Learning About the Different Forms of Employee Discrimination

Battling Discrimination in ChristchurchSince 2009, most workplaces in Australia follow a new system created by the Fair Work Act 2009. Led by an ombudsman, this act helps people who believe that they have been subject to unlawful discrimination at work. Once an employee reports unjust treatment, the ombudsman and an employment lawyer such as I.R. Thompson Associates Ltd can investigate and take action on any kind of workplace discriminatory practices.

Be aware of the different forms of employee discrimination by reading four of the most common below.

Age Discrimination

Treating someone less favourably because of his or her age is a form of discrimination. This includes any aspect of employment, including hiring, firing, assignments, promotions, layoff, training, and fringe benefits. Giving sexual or offensive remarks regarding age is also unlawful.

National Origin

National origin discrimination pertains to harassment due to a person’s nationality, ethnicity or accent. It also entails treating someone unfavourably because they appear to be of a certain ethnic background, even if they’re not. One example is when an employer chooses not to provide benefits to an employee because of his difference in terms of language.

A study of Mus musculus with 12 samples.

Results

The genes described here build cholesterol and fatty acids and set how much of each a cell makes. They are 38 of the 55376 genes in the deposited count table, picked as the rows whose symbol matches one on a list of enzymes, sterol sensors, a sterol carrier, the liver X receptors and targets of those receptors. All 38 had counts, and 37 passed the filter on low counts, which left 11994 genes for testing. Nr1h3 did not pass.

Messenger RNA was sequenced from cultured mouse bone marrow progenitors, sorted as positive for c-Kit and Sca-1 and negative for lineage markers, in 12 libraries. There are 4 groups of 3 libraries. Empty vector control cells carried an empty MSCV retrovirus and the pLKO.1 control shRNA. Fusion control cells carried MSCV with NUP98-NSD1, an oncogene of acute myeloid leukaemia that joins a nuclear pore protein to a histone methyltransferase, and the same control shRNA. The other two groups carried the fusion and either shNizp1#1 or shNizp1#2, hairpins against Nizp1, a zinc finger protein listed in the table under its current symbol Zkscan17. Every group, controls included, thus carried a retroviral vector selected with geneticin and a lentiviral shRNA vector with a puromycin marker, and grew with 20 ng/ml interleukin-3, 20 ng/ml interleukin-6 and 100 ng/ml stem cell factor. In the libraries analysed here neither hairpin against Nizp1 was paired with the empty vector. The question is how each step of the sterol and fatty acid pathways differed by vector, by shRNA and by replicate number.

A person’s disability should not stop an employer from hiring him or giving him equal workplace benefits. Disability discrimination occurs when an employer or employee treats a co-worker less favourably due to impairment, history of disability or a physical or mental impairment that is not transitory.


Not everyone may agree with a certain religion, but that should not welcome discrimination, especially at work. Religious discrimination occurs when a person receives unjust treatment because of his or her religious beliefs. The law does not only protect people who belong to traditional and organised religions such as Buddhism, Christianity, Islam, Hinduism, and Judaism, but also those who have held religious, ethical or moral beliefs.

Discrimination remains to be an issue in most workplaces but by spreading awareness and raising concerns, one can fight off the problem, gradually leading people to just actions and decisions. If you think that you have experienced any form of unlawful discrimination at work, don’t afraid to speak up and stand up for yourself.